DENVER — There is a temporary drainage plan for the newly-opened phase of the Central 70 construction project. Despite what Sunday’s flooding demonstrated, that plan does not include allowing I-70 to become a lake.
The interstate became submerged near York Street when heavy rain moved through Denver, leaving drivers stranded. The Denver Fire Dept. rescued 11 people near that location because of the high water.
The pump station, which is supposed to keep that kind of flooding from happening when the project is complete, is supposed work right now.
According to a statement from the project contractor, Kiewit, "An error in the drainage pump system appears to have prevented the pumps from turning on automatically. Once this was determined Kiewit turned the pumps on manually."
In the same statement, they claimed the drainage system was unfinished and they were working with the Colorado Dept. of Transportation (CDOT) on a solution.
CDOT reiterated what Kiewit said about the system’s incompletion.
According to the 13-page temporary drainage plan, the eastbound side of I-70 is still incomplete, but the westbound side should be working. The westbound roadway and drainage systems are fully constructed and operational.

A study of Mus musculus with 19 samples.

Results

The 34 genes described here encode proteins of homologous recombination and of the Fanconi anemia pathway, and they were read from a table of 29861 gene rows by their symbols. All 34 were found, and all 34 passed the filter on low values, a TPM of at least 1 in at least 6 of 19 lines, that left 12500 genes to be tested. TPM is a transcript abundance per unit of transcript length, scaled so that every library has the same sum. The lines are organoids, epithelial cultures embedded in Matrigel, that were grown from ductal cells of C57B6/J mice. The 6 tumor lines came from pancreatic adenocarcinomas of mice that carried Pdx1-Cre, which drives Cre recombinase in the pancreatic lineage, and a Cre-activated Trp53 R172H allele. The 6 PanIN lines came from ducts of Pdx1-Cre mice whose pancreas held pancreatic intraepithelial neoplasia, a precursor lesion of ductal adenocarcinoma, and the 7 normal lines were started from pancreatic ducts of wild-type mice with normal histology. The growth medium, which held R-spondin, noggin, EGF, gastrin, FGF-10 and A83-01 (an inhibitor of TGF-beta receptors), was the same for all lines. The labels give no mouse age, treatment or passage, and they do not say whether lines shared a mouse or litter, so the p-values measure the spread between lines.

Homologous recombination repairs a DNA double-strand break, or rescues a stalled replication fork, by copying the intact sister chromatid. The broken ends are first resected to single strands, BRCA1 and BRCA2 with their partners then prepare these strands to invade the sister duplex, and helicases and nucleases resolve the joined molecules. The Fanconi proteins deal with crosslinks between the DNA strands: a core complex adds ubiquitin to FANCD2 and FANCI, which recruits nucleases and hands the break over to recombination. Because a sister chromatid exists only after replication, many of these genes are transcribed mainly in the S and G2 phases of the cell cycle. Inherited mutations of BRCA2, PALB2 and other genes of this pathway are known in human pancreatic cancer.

When the project is complete, the underground part of I-70 is supposed to be able to withstand a 100-year rain event. That's about two inches of rain in a half hour.
The closest measurement we have from Sunday night was taken at the Denver Zoo, which got close to that amount of rain.
During construction, Kiewit committed to being able to withstand a 10-year rain event. That's about an inch-and-a-quarter in a half hour. This area got more than that Sunday.
A 50 or 100-year flood event doesn't mean it'll only happen once in a century. It means there's a one in 100 chance of a 100-year storm happening once each year.
Russ Schumacher, Colorado's state climatologist, said climate change is redefining those 50 and 100-year markers, mostly in other parts of the country. Those markers, 50-year and 100-year flood events, matter because engineers and city planners rely on those numbers for their work.
Water on this part of I-70 goes into drains just like any other highway, but the water then gets pumped up to detention ponds and out to the Platte River. The river is higher than the highway.
This is different than how flooding was solved at I-25 from Broadway to University Boulevard, and what people lovingly used to call Lake Logan.
When the highway was redone, larger pipes were installed underground. When the water flows into the drains, it continues downhill under Mississippi Avenue to Santa Fe Drive where it enters the Platte. Here, there’s no need for pumps because of gravity.
The tricky part about the Central 70 mess is the eastbound side does not have the proper drainage yet for a 100-year event, just the 10-year event.
The westbound side is ready, but all of it is contingent on a working pump.
Kiewet did not answer follow up questions about why and how the pump error occurred, leaving doubts about whether the project will flood again.